Recap: Olmsted: Then and Now | Prairie Meadows Park
Beginning in the Conservatory Green town center and culminating at Prairie Meadows Park, this tour explored the unique interconnected open spaces and parks of the Central Park (formerly Stapleton) neighborhood. We discovered how Central Park has expanded upon the work of Frederick Law Olmsted and the City Beautiful movement in order to create open spaces appropriate for Colorado’s environment. In Prairie Meadows Park, we saw how landscape architects reinterpreted gardens in response to the current climate and low-water landscape imperative.
About the parks: When Denver’s Stapleton airport was slated for decommission in the early 1990s, a group of citizens devised a plan for developing the grounds into a neighborhood that could carry on the city’s open space tradition. Their forward-thinking proposal was called the Green Book, and its principles guided the development of Central Park and other communities nationwide. As a result, the neighborhood now has a system of open space connectors between parks of all sizes and scales. Instead of following the City Beautiful tradition—with expansive green lawns and non-native plantings—Central Park’s open spaces draw from Colorado’s natural, low-water landscapes to create a native ecological aesthetic.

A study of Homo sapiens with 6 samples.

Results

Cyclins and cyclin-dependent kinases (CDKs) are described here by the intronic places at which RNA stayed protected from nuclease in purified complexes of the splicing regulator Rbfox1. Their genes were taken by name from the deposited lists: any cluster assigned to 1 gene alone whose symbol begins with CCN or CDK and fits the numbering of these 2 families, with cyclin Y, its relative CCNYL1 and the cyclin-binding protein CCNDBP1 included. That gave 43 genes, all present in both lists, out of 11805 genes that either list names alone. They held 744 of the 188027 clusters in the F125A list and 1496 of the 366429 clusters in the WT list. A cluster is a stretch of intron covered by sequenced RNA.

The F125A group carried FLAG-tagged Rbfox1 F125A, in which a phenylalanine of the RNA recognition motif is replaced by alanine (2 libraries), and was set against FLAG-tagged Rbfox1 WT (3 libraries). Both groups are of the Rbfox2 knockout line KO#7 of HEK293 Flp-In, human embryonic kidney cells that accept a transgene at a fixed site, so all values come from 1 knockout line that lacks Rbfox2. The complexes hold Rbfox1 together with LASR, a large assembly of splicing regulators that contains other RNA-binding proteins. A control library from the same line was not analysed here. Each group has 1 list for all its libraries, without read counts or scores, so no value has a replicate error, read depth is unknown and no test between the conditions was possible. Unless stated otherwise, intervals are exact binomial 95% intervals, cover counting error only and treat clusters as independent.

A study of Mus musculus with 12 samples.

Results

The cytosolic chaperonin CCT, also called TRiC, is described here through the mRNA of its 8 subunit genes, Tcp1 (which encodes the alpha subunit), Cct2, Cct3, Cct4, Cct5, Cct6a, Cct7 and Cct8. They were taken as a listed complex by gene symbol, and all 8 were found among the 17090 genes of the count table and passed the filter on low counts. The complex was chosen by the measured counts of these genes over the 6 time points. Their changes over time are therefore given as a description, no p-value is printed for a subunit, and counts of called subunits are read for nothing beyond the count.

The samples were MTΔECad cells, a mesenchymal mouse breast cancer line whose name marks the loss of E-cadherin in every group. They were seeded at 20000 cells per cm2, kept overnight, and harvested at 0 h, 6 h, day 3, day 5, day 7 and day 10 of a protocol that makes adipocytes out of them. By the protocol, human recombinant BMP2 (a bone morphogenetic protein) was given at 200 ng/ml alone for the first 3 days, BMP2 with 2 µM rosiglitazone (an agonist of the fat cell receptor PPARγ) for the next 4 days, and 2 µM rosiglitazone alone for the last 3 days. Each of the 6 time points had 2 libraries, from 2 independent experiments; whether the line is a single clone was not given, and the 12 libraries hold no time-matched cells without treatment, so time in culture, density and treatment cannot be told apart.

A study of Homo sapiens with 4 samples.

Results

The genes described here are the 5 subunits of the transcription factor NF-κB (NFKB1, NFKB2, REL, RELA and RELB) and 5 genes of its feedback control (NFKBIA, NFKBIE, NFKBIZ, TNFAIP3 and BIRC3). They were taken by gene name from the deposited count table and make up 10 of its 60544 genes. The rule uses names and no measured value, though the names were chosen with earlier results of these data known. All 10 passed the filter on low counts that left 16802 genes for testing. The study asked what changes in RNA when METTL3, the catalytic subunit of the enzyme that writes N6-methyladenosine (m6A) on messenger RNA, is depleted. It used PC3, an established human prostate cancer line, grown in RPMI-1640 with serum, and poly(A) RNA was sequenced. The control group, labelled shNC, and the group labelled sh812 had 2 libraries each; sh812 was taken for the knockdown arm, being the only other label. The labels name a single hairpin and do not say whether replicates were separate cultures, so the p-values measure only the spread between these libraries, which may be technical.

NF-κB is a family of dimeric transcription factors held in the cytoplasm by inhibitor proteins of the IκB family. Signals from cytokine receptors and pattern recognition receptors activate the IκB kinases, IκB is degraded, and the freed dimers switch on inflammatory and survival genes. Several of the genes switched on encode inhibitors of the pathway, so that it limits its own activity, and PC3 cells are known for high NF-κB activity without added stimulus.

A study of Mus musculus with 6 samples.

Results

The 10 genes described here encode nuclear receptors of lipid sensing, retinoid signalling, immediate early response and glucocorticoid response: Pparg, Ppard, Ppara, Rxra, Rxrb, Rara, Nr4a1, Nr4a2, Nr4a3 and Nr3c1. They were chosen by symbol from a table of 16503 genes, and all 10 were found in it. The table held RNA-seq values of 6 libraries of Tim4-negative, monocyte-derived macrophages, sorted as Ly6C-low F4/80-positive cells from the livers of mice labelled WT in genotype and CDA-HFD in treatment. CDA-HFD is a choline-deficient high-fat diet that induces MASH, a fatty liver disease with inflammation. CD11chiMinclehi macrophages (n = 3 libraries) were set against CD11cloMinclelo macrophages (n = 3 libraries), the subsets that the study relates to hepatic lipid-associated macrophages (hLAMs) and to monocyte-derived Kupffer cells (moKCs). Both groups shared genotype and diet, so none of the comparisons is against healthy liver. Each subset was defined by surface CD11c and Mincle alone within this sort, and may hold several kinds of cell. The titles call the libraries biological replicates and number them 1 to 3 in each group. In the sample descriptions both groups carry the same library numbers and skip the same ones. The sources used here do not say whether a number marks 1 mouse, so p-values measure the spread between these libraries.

About the tour guides: Laurel Raines, ASLA, PLA, Dig Studio, has built award-winning projects contributing to the well-being and health of communities and the environment. A love of art and science led her to study Landscape Design/Plant and Soil Science at the University of Vermont, followed by a Master’s in Landscape Architecture at Harvard University. Her design for the last Central Park residential neighborhood, to be completed this year, marks 22 years of continuous work in that community.
Audrey Sorensen, Landscape Designer, Sasaki, has completed work in urban and rural contexts, in a variety of regions and scales. Audrey’s unique project background and design experience supports her understanding of historical context, developing provocative preservation strategies and performing forward-thinking historical and environmental research.